Public voices concerns about mine reopening
Wells sucked dry, increased traffic, mine tailings seeping into Wolf Creek, inadequate housing for 400 new employees and their families.
These are some of the concerns raised by area residents during two Wednesday public workshops on the proposed reopening of the Idaho-Maryland Mine in Grass Valley.
The meeting was held to solicit input from the public in an attempt to be as transparent as possible about a project that, if approved, could have an enormous impact on the area. The city has yet to formally begin its environmental review process – typically the first step in processing a project application, and which evaluates the potential impacts to the surrounding area.
It would be an unusual project – very few gold mines in the country have historically been located within city limits – and of great size for Grass Valley; the proposal calls for about 250,000 square feet of buildings on a 140-acre site.
To ensure that the city’s and citizens’ concerns both get fully addressed in the process, “specialized expertise” has been hired, said Planning Director Tom Last. The consultants come from a variety of backgrounds, such as Bill Walker, who specializes in mine geochemistry; Thomas Leeman, a wildlife biologist; and Peter Hudson, a geologist, among others.
The team was selected by the city, but Emgold Mining Corp. will foot the bill.
The Canadian mining company hopes to reopen the mine, which was closed in 1956 after 100 years of gold production. Its plan is to mine for gold, turning the residual tailings into ceramic tiles.
The environmental review process will take a detailed look at the potential impacts of the mine – and how Emgold will then “mitigate,” or reduce, those impacts.
“We are asking for comments now (on the project) to try to create more opportunity, not less,” Last said.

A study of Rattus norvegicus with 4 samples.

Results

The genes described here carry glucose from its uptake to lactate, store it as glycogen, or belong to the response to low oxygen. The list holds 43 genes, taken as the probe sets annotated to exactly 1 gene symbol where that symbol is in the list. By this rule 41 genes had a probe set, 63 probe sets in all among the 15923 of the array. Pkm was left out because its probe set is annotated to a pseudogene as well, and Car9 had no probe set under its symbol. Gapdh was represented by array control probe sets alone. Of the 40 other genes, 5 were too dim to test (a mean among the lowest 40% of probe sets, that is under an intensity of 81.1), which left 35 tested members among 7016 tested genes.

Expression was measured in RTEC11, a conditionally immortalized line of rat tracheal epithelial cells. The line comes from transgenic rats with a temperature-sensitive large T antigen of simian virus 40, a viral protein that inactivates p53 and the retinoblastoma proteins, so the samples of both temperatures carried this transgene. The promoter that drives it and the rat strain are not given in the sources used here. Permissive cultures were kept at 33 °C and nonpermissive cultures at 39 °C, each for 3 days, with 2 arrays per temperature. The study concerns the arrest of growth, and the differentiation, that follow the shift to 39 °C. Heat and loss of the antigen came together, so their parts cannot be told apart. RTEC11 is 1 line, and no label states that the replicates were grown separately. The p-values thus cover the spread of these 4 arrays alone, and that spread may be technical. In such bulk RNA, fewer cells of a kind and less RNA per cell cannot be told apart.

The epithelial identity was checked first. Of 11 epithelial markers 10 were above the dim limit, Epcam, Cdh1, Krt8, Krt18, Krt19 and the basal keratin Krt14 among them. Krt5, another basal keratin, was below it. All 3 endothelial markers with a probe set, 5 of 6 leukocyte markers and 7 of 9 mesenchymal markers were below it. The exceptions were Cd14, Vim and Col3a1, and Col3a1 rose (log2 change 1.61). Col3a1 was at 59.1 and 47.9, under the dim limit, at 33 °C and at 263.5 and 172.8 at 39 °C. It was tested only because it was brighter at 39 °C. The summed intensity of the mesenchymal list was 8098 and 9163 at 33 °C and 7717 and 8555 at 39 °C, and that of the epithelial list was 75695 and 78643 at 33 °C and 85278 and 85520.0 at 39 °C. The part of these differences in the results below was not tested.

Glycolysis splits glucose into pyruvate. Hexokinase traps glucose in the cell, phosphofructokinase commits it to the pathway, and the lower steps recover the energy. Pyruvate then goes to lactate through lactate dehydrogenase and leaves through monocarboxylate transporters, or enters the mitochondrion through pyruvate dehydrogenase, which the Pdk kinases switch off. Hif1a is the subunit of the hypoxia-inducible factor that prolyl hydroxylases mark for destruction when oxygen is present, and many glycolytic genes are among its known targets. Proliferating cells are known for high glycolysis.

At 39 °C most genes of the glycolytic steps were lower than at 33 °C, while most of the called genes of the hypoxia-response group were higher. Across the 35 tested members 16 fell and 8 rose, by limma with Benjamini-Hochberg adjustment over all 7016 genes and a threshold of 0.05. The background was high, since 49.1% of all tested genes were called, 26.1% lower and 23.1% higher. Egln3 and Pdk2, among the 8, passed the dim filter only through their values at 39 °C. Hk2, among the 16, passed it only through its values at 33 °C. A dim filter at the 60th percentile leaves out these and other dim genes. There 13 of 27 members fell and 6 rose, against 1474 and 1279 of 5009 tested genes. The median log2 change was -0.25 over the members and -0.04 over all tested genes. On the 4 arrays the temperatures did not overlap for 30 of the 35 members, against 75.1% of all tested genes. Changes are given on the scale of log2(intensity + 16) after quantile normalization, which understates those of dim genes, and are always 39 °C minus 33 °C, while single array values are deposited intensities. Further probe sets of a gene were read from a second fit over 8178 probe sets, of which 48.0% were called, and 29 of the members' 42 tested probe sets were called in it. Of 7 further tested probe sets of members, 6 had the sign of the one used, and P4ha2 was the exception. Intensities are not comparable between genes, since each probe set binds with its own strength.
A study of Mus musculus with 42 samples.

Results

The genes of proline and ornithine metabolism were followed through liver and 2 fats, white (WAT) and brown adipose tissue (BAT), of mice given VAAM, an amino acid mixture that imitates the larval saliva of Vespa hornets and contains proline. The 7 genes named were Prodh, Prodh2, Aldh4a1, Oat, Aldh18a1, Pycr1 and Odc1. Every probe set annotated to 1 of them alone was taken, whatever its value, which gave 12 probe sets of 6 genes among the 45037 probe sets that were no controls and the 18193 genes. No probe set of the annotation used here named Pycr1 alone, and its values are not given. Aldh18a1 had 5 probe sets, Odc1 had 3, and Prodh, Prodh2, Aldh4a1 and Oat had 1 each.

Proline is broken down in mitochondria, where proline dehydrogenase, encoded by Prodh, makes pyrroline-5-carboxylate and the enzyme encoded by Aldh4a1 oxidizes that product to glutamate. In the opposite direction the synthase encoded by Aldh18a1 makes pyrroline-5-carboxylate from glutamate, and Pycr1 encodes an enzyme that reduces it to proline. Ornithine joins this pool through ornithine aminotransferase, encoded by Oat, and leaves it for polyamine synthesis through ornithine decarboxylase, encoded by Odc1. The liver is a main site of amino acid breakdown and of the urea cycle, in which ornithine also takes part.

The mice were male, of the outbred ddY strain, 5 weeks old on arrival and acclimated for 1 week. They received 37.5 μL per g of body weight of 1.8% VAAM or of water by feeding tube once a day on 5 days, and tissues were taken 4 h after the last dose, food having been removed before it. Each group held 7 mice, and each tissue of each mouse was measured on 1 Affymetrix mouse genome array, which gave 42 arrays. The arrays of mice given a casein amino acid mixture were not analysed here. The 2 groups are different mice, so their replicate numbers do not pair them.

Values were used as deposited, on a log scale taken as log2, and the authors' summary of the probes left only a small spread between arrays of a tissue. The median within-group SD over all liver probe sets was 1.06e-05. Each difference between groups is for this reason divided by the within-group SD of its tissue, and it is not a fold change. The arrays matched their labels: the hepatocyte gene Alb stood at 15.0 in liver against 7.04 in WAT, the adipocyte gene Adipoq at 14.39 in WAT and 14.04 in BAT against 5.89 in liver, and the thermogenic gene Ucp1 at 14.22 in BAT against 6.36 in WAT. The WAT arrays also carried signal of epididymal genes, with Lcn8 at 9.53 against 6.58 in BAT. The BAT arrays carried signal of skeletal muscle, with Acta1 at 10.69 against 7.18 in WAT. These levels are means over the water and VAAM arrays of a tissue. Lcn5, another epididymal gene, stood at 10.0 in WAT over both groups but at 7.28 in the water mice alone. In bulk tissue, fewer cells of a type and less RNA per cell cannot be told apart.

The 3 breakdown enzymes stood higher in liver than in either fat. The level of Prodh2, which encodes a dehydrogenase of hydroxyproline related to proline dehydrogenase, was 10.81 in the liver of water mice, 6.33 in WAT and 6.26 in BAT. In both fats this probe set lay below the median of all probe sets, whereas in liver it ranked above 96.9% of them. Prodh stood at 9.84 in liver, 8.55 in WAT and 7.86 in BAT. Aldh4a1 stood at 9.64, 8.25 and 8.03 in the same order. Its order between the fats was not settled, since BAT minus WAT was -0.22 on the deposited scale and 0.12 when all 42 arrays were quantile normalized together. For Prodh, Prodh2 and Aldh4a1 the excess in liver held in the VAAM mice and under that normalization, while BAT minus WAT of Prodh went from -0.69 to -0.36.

One example is the dewatering of domestic wells.
“I suspect that many of you are here for this specific issue,” said a member of the city’s consulting team, Jeff Harvey. “We want to make sure there is no loss of high quality water to these existing wells.”
During the mid-90s, a proposal was first submitted to dewater the vacated miles of shafts, which now lay beneath the city’s limits. Tad Stearn, another member of the city’s hired team, said that he has had several residents with wells on their properties express worries that their wells might be sucked dry when the water is pumped out of the shafts.
While the answers and possible solutions to this issue are not available until the environmental review process, Last said these are the types of concerns – and questions – the city hopes to receive about the proposed project.
The next public meeting is slated to occur in June or July.
To contact staff writer Brittany Retherford, e-mail firstname.lastname@example.org or call 477-4247.
The city of Grass Valley is asking the public for help on identifying issues that should be considered for evaluation as part of the required environmental review process for the proposed Idaho-Maryland Mine project.
Questions or comments should be directed to Tom Last, planning director, at:
• mailing address: 125 East Main St., Grass Valley, 95945; e-mail, email@example.com; phone, 274-4330; or fax, 274-4399.
Concerns should be submitted by Feb. 8.
• Residents should also contact Last if they would like to be included on a mailing list to receive project updates.
• For more information about the project, visit the city’s Web site at http://www.cityofgrassvalley.com. Copies of the application are also available at city hall, at the Grass Valley Library and the Madelyn Helling Library.